Experience outweighs college grades

For years, the teachers at my small-town high school told my fellow classmates and me our grades were the determining factors for our futures.

Though they meant well, it appears some of our high school teachers were wrong.

Grades held a lot of significance as I entered college. I thought the only way to succeed was to maintain my 4.0 in hopes of getting a job one day.

Little did I know, grades actually were not as crucial as my classmates and I believed. There was another factor that would soon determine our career paths.

That factor, as it turns out, is experience, and internships in college can provide students with opportunities to excel.

Employers put more weight into internships, employment during college and volunteer experience as opposed to college GPA, according to a study from The Chronicle of Higher Education.

The study, which allocated 100 points to eight categories, gave the four experience-oriented categories 66 total points, with the other 34 going to academics. Internships received the highest allocation with 23 points, while GPA received eight.

The College of Arts and Sciences at UNA requires mass communications majors like myself to take at least one credit hour dedicated to an internship, and with good reason.

This hands-on participation in the field is invaluable.

First, interns have the opportunity to learn more about their field of interest outside of the classroom.

Students have the chance to be hands-on and use the concepts they learn in the classroom through real-life situations. There is a huge contrast in the classroom and work environment, according to U.S. News & World Report.

In addition to the work experience and application of new ideas, students can broaden their networks and gain recommendations, which will definitely enhance their career search after college.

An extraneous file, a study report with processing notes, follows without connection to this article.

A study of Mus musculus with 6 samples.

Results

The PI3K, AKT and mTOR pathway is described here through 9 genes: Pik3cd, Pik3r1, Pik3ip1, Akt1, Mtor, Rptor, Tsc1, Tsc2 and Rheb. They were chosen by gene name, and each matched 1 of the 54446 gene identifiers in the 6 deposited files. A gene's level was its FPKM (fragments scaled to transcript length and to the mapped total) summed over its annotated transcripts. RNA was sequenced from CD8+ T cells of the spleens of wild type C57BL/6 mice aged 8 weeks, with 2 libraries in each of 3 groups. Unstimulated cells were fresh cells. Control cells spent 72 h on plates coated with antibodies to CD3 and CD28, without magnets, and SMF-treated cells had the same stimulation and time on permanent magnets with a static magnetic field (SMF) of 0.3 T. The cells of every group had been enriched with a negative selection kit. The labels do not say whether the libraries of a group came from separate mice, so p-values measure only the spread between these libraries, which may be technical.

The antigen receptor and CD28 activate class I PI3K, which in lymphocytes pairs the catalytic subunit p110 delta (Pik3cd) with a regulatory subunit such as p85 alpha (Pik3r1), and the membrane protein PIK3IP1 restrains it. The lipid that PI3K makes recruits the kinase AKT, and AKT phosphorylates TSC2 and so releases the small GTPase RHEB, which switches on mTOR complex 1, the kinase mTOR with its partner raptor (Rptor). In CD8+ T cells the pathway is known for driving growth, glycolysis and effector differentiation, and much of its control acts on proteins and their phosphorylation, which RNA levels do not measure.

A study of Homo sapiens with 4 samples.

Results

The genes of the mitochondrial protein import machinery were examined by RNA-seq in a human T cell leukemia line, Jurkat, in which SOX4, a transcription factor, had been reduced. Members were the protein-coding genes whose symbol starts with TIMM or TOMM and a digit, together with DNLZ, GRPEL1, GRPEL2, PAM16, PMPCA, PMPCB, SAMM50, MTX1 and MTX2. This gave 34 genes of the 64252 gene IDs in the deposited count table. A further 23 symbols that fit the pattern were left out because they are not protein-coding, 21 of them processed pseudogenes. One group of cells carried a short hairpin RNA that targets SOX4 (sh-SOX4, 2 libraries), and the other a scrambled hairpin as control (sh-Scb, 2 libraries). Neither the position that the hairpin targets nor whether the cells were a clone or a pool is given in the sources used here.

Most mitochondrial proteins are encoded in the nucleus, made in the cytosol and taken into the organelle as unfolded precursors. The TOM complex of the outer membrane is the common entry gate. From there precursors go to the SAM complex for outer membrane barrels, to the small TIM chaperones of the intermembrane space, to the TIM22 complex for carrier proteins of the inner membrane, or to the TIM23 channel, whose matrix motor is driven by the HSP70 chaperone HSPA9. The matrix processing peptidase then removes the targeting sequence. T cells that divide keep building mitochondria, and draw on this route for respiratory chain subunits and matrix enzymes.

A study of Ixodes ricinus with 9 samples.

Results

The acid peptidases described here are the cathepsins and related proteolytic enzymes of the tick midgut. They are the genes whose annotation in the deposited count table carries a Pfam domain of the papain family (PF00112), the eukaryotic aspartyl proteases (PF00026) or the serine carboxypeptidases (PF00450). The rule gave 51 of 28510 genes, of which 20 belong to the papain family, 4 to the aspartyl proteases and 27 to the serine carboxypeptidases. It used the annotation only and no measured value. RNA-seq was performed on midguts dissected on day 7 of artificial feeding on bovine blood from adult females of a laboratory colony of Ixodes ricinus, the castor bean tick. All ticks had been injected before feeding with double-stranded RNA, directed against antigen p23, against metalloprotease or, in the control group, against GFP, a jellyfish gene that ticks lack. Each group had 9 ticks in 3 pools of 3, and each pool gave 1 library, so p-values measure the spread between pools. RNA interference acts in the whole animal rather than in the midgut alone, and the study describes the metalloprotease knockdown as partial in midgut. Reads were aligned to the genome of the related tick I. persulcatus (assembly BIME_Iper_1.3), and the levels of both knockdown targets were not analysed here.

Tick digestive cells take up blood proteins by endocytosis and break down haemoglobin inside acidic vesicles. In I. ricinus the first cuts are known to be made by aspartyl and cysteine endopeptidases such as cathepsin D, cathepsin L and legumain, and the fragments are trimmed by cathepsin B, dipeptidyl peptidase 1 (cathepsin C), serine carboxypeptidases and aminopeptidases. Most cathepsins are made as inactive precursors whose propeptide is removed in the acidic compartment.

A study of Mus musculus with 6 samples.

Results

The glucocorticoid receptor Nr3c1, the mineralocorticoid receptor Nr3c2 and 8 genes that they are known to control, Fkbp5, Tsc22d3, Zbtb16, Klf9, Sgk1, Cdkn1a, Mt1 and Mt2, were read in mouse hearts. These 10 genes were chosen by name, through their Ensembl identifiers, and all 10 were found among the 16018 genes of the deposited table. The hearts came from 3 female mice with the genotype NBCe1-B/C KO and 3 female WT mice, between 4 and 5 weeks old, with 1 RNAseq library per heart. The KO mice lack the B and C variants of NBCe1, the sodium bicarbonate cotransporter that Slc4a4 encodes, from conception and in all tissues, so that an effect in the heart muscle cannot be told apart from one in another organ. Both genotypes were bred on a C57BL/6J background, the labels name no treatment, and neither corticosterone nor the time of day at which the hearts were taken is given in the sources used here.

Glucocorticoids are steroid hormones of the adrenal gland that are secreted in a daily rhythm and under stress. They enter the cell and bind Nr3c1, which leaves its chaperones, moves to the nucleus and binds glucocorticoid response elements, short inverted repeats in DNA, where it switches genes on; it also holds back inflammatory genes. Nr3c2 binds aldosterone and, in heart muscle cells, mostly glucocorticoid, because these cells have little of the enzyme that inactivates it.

So, it appears experience replaced test scores. A college GPA does not matter upon graduation, and a degree does not guarantee a job, according to a recent study by the Teachers College Record.

The study goes on to prove college institutions award higher grades than students earn, which some also call “grade inflation.”

The study also showed the network and work experience more important than GPA. Employers are more likely to hire a candidate with several internships under their belt and multiple people who can vouch for their abilities.

Please do not read this opinion-based article then cease all studying efforts.

It’s important to consider that future employers will be impressed to see their potential new hire maintained decent grades, all while working part-time or full-time as a college student.

Continue to strive for high grades, but do not fear this experience component.

Students looking for internships should compete here in the Shoals for them and even look out of town for unpaid internships by visiting the UNA Career Center.

A prime opportunity will arise for students to find potential internships April 7 – 13 at the College of Arts and Sciences Career Week 2017. I encourage students to use similar opportunities.

Any experience in the desired field of study can be valuable experience.